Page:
Periodic Table

Periodic Table

What you need to remember about the Periodic Table

The periodic table is convenient because it's built around trends. These trends were essential in general chemistry and they are essential now in Organic Chemistry. Not all of them are important to remember.

For the most part, you know that the more more electronegative you are, the less metallic you are. That's why the elements that make up life like carbon, nitrogen, oxygen, hydrogen, are all non-metals. Hydrogen may in be Group IA (the alkali metals) but it does not behave anything like the rest of its family.

The trends in the the periodic table that are most important are:

  1. electronegativity
  2. atomic radius (which is related to polarizability)

The reason this is so is because acidity of atoms, a critically important topic, is based on these trends in these atoms. Most people remember that fluorine is the most electronegative element because it is and because of this trend.

electronegativity in the periodic table

The other trend in the periodic table that's important for acidity in Organic chemistry: atomic radius. The larger an atom is, the more acidic it is. Also the "squishier" it is. In general, the squishier the nucleophile, the better it is. I- (iodide) is a superb nucleophile but that comes later.

atomic-radius periodic table

As far as Acidity and the Periodic Table is concerned:

The trends that matter in the Periodic Table. Review the article on pKa and acidity. There's two of them. (That's it).

The pKa scale is simply the mixing of these two trends. As you go from left to right in the periodic table you get more acidic, as you go from top to bottom you get more acidic. This means that the more electronegative you are and the larger you are, the better you are at donating protons (to bases).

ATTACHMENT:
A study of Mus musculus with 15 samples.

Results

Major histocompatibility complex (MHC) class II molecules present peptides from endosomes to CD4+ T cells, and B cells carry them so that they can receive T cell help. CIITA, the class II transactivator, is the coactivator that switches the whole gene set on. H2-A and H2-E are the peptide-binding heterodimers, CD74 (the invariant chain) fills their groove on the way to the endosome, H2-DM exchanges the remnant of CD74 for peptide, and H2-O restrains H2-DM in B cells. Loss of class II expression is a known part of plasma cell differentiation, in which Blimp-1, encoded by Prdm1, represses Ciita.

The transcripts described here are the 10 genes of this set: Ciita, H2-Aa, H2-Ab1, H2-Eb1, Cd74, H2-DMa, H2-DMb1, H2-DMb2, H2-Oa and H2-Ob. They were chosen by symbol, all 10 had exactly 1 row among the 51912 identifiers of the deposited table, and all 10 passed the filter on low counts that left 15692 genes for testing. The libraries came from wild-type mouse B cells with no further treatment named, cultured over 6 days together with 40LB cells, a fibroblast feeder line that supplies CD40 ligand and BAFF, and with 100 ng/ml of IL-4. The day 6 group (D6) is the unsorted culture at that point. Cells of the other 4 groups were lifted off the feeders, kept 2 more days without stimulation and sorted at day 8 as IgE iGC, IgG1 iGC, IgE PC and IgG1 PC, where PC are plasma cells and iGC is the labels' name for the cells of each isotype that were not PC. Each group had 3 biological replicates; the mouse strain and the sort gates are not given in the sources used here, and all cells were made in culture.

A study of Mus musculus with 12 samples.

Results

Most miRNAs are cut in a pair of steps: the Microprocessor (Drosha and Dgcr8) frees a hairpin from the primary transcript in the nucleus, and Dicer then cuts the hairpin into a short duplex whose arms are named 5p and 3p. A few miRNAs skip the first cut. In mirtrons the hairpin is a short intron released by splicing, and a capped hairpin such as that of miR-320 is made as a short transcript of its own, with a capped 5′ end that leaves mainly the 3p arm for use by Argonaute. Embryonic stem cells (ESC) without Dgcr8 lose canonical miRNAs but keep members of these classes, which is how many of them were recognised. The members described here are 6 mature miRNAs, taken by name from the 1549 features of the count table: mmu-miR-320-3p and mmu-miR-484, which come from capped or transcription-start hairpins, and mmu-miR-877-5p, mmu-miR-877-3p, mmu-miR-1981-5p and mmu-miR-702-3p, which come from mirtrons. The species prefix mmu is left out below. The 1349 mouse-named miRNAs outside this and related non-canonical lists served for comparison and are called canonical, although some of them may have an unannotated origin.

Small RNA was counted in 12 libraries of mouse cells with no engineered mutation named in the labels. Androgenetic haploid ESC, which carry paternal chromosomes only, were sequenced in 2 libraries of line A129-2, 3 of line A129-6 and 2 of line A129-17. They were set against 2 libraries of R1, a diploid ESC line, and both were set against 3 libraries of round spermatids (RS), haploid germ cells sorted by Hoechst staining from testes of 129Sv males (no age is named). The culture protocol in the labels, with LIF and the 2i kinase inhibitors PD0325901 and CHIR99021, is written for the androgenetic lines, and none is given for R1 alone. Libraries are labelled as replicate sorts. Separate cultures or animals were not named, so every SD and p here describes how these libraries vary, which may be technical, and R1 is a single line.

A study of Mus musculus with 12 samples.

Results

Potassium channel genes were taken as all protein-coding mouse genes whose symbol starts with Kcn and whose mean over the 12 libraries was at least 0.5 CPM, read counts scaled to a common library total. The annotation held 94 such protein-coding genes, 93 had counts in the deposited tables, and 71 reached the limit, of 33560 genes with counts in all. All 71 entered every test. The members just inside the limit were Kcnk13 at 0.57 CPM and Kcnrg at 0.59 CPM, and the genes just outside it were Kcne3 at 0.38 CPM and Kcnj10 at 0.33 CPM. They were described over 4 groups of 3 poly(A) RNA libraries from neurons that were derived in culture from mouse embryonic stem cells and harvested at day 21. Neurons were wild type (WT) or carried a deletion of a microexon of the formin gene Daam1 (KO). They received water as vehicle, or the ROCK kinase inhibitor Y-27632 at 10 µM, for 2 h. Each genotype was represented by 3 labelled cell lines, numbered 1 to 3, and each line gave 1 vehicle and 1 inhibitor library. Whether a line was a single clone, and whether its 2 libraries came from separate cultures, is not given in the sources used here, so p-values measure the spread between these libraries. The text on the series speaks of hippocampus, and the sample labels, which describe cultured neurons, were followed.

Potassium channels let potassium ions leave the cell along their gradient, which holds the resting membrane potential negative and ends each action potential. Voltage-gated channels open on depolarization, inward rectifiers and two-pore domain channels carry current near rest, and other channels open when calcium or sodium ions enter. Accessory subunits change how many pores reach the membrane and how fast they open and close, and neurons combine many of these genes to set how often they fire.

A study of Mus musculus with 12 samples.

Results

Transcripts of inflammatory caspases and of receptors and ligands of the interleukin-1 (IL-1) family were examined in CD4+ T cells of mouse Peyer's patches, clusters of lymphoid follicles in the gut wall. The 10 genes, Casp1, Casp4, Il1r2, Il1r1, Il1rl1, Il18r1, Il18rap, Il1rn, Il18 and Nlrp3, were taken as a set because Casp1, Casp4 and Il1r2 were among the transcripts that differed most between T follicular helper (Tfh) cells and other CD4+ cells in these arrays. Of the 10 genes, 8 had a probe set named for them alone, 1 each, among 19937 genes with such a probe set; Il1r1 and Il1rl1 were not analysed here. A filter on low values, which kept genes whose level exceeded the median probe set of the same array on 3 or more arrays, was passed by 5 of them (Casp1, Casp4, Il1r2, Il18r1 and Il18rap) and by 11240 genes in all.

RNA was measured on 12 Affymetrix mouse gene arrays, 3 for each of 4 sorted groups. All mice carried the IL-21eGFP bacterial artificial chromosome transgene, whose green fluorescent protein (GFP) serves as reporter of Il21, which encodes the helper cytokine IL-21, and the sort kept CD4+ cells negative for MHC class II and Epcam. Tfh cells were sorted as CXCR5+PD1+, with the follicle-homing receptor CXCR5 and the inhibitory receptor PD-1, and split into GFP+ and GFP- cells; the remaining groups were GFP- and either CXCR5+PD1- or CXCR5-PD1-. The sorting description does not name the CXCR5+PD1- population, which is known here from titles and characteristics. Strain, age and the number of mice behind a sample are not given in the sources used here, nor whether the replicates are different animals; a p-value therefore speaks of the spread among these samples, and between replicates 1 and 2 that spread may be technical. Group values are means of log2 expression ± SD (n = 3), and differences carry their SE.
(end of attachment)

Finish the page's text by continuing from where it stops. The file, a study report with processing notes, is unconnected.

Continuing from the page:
Acidity is related intimately with corresponding basicity by an inverse relationship that makes an acid that reacts into its conjugate base. The base of course, has a strength proportionally weaker as a base due to the willingness of the donor acid. The stronger the acid, the weaker is the conjugate base. The weaker the acid, the stronger the conjugate base. This only makes sense:

An acid's job is to give up or donate a hydrogen atom. When it does, it rarely has more to donate lest it become way too unstable (it has a humongous barrier to activation and doesn't normally happen). If it really wants to give up an H+, do you suppose it wants it back? Of course not. This is the simple logic of an acid's strength in relation to the strength of its conjugate base (itself minus an H+).


You're thinking, there must be an important trend that goes up and to the left, perhaps. There must be and it is the strength of the conjugate bases of these acids.

basicity-of-conjugate periodic table

The trends that matter in the Periodic Table. Review the article on pKa and acidity. There's two of them. (That's it).